On March 24, the United States Patent and Trademark Office (USPTO) announced that the Patent Trial and Appeal Board (PTAB) Pro Bono Program had officially launched. The PTAB Bar Association, which serves as the national clearinghouse to connect volunteer patent practitioners with eligible inventors, began accepting inventor applications on June 1. The PTAB Pro Bono Program fills a major gap in pro bono patent practice, and Fish & Richardson P.C. is excited to work with both the USPTO and the Association in their efforts toward creating a more equitable patent system.
Securing patent protection as an independent inventor often requires surmounting significant legal and financial hurdles, with post-grant matters having taken an increasingly central role in long-term patent planning over the past decade. While the USPTO offers several patent-related legal assistance programs, they have never before extended to appeals or post-grant matters before the PTAB. The PTAB Pro Bono Program fills that gap by matching volunteer patent professionals with financially under-resourced inventors. The program will begin with ex parte appeals and expand to America Invents Act (AIA) trials in the coming years.
To be eligible to participate in the program, an inventor must:
Be domiciled in the United States
Have a gross household income of less than three times the federal poverty guidelines
Have a certification of micro entity status in the patent application that is the subject of the appeal
Not otherwise be represented by a practitioner in the PTAB proceeding
Apply to the program within one month from the date of the Office Action at issue
Demonstrate knowledge of the ex parte appeal process by completing a two-part video training course
Practitioners who would like to volunteer for the program must meet the following requirements:
Be a licensed U.S. attorney or patent agent
Have experience with the technology and the type of proceeding
Provide malpractice insurance
Agree to not charge a fee for the services
Provide a representation agreement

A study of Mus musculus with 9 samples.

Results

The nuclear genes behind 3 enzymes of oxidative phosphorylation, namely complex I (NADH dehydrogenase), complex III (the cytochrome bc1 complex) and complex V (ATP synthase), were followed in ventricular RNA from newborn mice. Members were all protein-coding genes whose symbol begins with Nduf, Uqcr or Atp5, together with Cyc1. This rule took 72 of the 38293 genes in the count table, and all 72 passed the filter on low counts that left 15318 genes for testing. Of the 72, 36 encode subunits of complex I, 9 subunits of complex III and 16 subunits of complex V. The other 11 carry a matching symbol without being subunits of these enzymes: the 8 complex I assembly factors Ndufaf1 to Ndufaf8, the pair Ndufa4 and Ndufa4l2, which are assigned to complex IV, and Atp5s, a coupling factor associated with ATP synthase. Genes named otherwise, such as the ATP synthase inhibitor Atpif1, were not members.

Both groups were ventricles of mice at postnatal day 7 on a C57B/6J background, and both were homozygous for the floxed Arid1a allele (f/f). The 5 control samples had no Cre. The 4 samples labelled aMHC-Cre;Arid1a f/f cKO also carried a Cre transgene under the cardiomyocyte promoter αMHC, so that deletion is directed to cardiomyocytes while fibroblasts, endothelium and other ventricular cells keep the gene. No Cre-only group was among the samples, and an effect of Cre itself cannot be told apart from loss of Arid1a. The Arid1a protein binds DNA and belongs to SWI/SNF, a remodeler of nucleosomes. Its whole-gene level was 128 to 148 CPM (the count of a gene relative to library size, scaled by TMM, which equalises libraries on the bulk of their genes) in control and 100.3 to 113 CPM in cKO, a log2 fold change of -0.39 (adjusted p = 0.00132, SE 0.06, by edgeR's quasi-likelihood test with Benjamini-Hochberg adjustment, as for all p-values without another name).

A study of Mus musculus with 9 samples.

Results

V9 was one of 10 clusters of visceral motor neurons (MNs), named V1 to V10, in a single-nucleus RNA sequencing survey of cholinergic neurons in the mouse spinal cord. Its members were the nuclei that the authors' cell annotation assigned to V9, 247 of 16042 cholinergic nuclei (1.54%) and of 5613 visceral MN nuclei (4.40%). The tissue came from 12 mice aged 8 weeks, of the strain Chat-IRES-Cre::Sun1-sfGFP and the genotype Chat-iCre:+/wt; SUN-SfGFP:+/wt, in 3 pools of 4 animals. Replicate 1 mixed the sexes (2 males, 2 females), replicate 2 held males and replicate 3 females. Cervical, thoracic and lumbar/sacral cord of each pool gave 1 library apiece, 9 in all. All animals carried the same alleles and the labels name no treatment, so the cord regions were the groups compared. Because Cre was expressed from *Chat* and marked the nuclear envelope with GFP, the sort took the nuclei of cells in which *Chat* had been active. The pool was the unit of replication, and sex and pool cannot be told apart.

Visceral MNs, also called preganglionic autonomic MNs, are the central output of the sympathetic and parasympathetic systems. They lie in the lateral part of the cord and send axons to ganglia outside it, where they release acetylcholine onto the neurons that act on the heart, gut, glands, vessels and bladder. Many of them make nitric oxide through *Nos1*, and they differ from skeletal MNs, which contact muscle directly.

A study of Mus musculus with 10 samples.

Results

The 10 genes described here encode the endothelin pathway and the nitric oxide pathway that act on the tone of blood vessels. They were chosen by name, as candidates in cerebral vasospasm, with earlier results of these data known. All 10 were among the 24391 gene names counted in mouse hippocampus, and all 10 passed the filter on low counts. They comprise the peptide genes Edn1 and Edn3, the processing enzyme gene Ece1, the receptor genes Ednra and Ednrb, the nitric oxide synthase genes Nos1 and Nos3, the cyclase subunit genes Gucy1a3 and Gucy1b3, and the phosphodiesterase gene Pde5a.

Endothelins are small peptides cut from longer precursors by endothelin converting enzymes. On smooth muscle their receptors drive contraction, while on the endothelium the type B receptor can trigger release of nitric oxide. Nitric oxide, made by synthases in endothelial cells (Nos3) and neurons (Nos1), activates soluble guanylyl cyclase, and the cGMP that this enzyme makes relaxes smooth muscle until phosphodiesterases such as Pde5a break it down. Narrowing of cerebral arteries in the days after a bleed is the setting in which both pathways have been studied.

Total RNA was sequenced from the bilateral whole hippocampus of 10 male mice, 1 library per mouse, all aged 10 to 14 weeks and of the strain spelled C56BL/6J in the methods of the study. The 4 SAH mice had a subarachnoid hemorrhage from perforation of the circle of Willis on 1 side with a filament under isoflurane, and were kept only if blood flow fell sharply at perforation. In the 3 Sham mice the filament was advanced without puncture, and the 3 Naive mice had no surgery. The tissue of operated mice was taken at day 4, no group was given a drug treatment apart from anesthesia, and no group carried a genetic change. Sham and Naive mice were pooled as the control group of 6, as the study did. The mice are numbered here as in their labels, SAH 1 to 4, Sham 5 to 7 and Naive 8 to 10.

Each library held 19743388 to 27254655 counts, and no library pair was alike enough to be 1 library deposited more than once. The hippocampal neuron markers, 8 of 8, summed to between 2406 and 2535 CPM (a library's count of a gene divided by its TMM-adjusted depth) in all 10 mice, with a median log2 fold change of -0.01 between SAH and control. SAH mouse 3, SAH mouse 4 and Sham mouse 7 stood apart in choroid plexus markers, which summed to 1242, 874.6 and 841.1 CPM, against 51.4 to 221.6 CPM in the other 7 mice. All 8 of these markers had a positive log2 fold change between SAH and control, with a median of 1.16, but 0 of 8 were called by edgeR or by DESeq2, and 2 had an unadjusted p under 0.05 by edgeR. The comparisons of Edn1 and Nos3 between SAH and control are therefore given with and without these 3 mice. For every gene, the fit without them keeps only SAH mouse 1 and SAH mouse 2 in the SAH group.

When the PTAB Bar Association receives an application from an inventor, it will enter the information into its database and contact its pool of volunteer attorneys to find those with experience in the inventor’s field of technology. If there are matches, it then coordinates meetings between the practitioners and the inventor to determine whether the representation is a good fit. Once inventor and practitioner are matched, the Association’s role shifts to monitoring and evaluating the overall success of the representation, as well as collecting data and establishing best practice for future representations.
How It Came About
The PTAB Pro Bono Program is the result of an extensive and collaborative effort among the leadership of the PTAB and the Association, as well as numerous industry stakeholders. The idea for the program initially arose when leadership of the PTAB proposed the creation of a legal assistance program specifically geared toward post-grant matters. In a process extending nearly a year, then-Association President Karl Renner, Past President Steve Baughman, and Vice President Monica Grewel (collectively, the PTAB Bar Association Pro Bono Steering Committee) held periodic meetings with members of PTAB leadership, including Vice Chief Judge Gongola, Lead Judge Stacey White, Chief Judge Scott Boalick, and Deputy Chief Jackie Bonilla, to establish a working relationship and to explore how the Association could best support and administer the program.
Working together, this team worked out the details of the program’s policies, procedures, and operations. As a pro bono legal assistance program, a key concern was ensuring that the program would effectively reach the people it was designed to serve. Among the significant hurdles was ironing out the logistics of performing the clearinghouse function. But once the vision was resolved, Association and PTAB leadership, along with PTAB Patent Attorney Detailees Grant Corby and Brandy Zukanovich, worked tirelessly and hand-in-hand to get the program off the ground with astonishing speed. In these efforts, PTAB Bar Association Technology Committee Chair Eugene Goryunov contributed significantly, enabling the clearinghouse functionality on the Association’s website.
The program was officially announced at the Association’s 2022 Annual Conference in Washington, D.C., where it made an immediate splash, garnering over 20 volunteers its first day.
Filling an Important Gap
The early surge of interest in the PTAB Pro Bono Program among practitioners serves as a reminder of the important gap the program fills. For under-resourced or inexperienced inventors, PTAB proceedings are often intimidating and can place a hefty burden on their ability to practice their inventions. For practitioners, the program presents a unique opportunity. While patent attorneys routinely engage in pro bono activities in a wide range of legal practices, few pro bono programs are specifically designed to take advantage of their true strengths in patent law. The PTAB Pro Bono program gives patent attorneys – most importantly young and diverse attorneys – an opportunity to fulfill a public need while doing something they love.
The PTAB Pro Bono Program is in its early days, making it difficult to speculate on what its true impact will be. But as post-grant matters continue to make up an ever-larger component of patent practice, it will have an increasingly important role to play as it grows and matures. At Fish, we believe we have an obligation to share our resources with the community to drive innovation forward, and we are excited to continue doing that work through the PTAB Pro Bono Program.